Mountaineering carries innate risk and it’s important everyone is aware of the dangers that exist in the mountains. Full competence as a mountaineer can only be gained through experience and even the most accomplished make mistakes. But everyone, regardless of ability, can greatly reduce the risk to themselves and others with some self-awareness, dependable friends and the right equipment. 

Whether you join us as an experienced hill walker or professional netflixer, you will at some point find yourself in an unfamiliar situation with Ben Lairig. The club’s purpose is to develop it’s members and it’s impossible to progress if you don’t push yourself. But the dangers of mountaineering can change by the hour and even the most moderate plan can become a demanding day out. So every time you venture onto the hills remember you are ultimately responsible for your own safety; decisions are made as a team and it’s right to respect experienced members’ opinions, but never be afraid to say ‘stop’ if you don’t feel right.

Ben Lairig recognises that climbing and mountaineering are activities with a danger of personal injury or death, members must be aware of and accept these risks and are responsible for their own actions, for which the club cannot be held liable.

That being said, teamwork is the keystone of any day on a mountain because a group relies on each other completely. Look out for your friends by helping them get ready and check through the day for anyone who might be struggling; let no one fall behind and always put the safety needs of others before your own mountaineering ambitions. When using ropes make sure you are comfortable with each other’s ability and are ready to accept the consequences of a genuine mistake.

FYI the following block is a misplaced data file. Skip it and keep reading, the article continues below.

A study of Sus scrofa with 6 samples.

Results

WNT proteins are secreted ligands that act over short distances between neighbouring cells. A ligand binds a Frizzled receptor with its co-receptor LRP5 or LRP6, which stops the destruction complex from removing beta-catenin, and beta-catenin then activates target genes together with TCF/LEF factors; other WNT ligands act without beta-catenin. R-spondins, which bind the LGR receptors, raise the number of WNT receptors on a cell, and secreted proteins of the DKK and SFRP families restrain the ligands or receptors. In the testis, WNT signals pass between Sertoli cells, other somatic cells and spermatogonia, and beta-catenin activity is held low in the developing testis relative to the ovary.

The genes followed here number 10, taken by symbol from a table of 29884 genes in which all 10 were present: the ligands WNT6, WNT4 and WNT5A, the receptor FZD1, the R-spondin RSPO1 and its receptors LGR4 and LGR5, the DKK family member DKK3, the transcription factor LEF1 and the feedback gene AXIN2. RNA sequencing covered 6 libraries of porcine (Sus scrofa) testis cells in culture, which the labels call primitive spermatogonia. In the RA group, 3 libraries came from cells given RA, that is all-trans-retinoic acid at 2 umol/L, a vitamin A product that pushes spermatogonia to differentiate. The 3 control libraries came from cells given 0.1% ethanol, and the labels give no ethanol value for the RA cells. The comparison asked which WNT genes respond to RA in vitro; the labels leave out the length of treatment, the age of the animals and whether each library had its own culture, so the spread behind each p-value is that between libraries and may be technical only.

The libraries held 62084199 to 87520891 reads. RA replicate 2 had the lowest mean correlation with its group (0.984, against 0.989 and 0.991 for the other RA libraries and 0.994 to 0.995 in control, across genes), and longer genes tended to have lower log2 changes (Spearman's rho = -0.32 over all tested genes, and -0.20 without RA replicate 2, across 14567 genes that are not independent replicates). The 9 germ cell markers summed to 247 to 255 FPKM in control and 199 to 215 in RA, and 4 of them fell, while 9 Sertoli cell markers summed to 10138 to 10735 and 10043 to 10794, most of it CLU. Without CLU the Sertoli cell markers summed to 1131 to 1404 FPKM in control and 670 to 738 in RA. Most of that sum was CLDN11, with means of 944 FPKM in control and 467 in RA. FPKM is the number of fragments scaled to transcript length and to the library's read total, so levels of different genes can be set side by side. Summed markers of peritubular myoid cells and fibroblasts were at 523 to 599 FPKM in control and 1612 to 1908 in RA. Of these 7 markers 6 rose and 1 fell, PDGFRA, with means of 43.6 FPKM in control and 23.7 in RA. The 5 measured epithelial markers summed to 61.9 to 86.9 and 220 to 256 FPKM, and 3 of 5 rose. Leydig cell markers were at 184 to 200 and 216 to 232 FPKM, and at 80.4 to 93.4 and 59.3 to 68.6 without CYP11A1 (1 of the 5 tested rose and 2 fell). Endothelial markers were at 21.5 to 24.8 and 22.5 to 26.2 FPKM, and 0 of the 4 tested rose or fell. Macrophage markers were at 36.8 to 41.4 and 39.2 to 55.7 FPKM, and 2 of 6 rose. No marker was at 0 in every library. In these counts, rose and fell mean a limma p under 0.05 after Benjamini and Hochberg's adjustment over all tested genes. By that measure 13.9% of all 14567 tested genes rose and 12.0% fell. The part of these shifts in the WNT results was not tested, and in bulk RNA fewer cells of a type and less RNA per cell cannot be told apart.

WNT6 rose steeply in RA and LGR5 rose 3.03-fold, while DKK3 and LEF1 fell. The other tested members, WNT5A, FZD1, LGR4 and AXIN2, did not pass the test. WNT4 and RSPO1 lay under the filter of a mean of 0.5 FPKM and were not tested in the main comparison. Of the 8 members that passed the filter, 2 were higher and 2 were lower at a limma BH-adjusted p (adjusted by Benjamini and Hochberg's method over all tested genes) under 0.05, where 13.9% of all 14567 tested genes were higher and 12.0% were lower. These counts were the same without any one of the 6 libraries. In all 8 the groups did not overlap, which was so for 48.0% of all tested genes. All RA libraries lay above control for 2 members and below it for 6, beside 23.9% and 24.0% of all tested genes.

This might sound pretty serious, but the key is in prevention and injuries are extremely rare, so most importantly have fun! Being engaged makes learning easy and mountaineering will give you adventures of a lifetime.

Remember to:

  • Make sure everyone else on the trip is aware of your plans by leaving a physical note of your route and on the group chat, including your expected return time and a later emergency cut-off.
  • Have two able navigators in your group 
  • Have the essential equipment as listed on the kit list
  • Tell your friends where your medication is if you have any, like an epipen if you are anaphylactic. Be clear who can legally administer them.  
  • Attend the Winter Skills course before joining winter trips.